Planetary nebulae (PNe) are ionized hydrogen-rich shells, which are generated by strong mass-loss (superwinds) from low- to intermediate-mass progenitor star at the end of the asymptotic giant branch (AGB) phase. Ultraviolet radiation from hot degenerate cores fully ionizes the ejected shells during the post-AGB phase, and produces photo-ionized nebulae. Multiwavelength emission-line imaging observations illustrate how PNe appear in different excitation regimes (see e.g. Sahai et al., 2007; Sahai et al., 2011; Miranda et al., 1999). As the degenerate core evolves from the AGB phase toward the white dwarf phase, it becomes hotter and its radiation pressure drives the stellar wind, leading to hydrodynamic shaping of the surrounding nebular shell. Morphological studies of PNe provide important clues about the mass-loss process at the end of the AGB phase and the PN evolution during the post-AGB phase (see e.g. Schönberner et al., 2005a; Kwok, 2010; Stanghellini et al., 1993; Balick & Frank, 2002; Schönberner et al., 2005b; Steffen et al., 2013).
NGC 5189 (PN G307.203.4Hen 2-94VV 65 Sa 2-95) is a complex PN with multiple point-symmetric outflows or knots. The angular dimensions of NGC 5189 were measured to be about (pc pc using pc Stanghellini et al., 2008) at the 10% level of the H peak surface brightness (Tylenda et al., 2003). More than a half century ago, Evans & Thackeray (1950) first described NGC 5189 as a planetary nebula or a massive nebula with remarkable knotted structures with no bright central star. Phillips & Reay (1983) later suggested that it may contain multiple pairs of knots revealed in the narrow-band images of the [NII], H, and [OIII] emission lines. Moreover, Fabry-Perot imaging [NII] observations of NGC 5189 indicates that the nebula contains a dense ring expanding at 25 kms from the central star, with inclination of relative to the line of sight (Reay et al., 1984). Gonçalves et al. (2001) classified NGC 5189 as a bipolar PN with multiple pairs of knots inside the main structure with velocities similar to those of the surrounding gas. More recently, Sabin et al. (2012) suggested that NGC 5189 is a quadrupolar PN containing a dense and cold infrared torus, and multiple point-symmetric structures.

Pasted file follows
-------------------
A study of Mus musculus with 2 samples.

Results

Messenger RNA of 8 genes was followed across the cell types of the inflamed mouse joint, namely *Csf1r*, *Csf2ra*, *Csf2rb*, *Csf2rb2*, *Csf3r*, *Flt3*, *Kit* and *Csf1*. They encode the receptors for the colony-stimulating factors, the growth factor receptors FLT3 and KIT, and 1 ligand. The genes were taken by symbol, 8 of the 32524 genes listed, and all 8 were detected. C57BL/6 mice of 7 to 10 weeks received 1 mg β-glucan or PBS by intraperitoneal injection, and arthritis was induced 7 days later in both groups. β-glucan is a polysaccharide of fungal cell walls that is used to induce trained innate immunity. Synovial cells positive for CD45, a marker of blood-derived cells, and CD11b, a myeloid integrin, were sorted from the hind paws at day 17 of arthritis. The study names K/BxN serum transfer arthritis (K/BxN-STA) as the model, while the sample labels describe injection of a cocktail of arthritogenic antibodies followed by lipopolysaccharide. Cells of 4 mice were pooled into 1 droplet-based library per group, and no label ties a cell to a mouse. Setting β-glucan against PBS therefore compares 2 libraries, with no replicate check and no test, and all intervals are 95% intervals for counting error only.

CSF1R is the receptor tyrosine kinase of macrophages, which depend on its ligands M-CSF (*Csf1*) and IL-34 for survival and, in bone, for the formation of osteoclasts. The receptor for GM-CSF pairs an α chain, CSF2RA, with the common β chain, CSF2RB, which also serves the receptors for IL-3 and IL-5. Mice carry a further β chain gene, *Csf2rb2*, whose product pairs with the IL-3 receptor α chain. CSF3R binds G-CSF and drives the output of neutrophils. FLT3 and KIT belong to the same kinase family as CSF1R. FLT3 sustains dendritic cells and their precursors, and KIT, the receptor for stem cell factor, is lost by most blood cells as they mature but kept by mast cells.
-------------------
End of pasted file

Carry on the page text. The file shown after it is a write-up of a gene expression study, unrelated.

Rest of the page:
The central star (CSPN) of NGC 5189 has been studied by a number of authors. It has been classified as a stellar type with broad OVI and less broad HeII emission lines (Blanco et al., 1968), an “OVI sequence” object (Smith & Aller, 1969), [WC2] spectral type (Mendez & Niemela, 1982; Heap, 1982), [WO] (Polcaro et al., 1997), and [WO1] spectral type (Crowther et al., 1998). The CIV P-Cygni feature from the IUE UV spectrum shows a terminal wind velocity of kms (Feibelman, 1997), while the line width from the optical spectrum suggests a maximum wind velocity of kms (Polcaro et al., 1997). Recently, Keller et al. (2014) derived a terminal wind velocity of kms and a stellar temperature of 165kK from from far-UV NeVII and OVI P-Cygni profiles in the FUSE spectrum of NGC 5189.
More recently, Manick et al. (2015) discovered significant periodic variability which is associated with a binary having an orbital period of days and a companion mass of M or M (at the orbital inclination of ). The complex morphology of NGC 5189 dominated by multiple, low-ionization structures (LISs) follows the trend of post common-envelope PNe outlined by Miszalski et al. (2009). Interactions between the [WR] star of NGC 5189 and its companion may be responsible for its fast stellar [WR] winds (Manick et al., 2015).
In this work, we use high-resolution Hubble Space Telescope images to analyze the spatially resolved inner structures of NGC5189 ( , or pc pc using a distance of pc adopted from Stanghellini et al., 2008) with a diagnostic classification for excitation regions. This paper is organized as follows. In Section 2, we describe the observations and data analysis. In Section 3, we present the results, including newly identified low-ionization envelopes within the nebula. In Section 4, we discuss our results, and in Section 5 we summarize the conclusions of this study.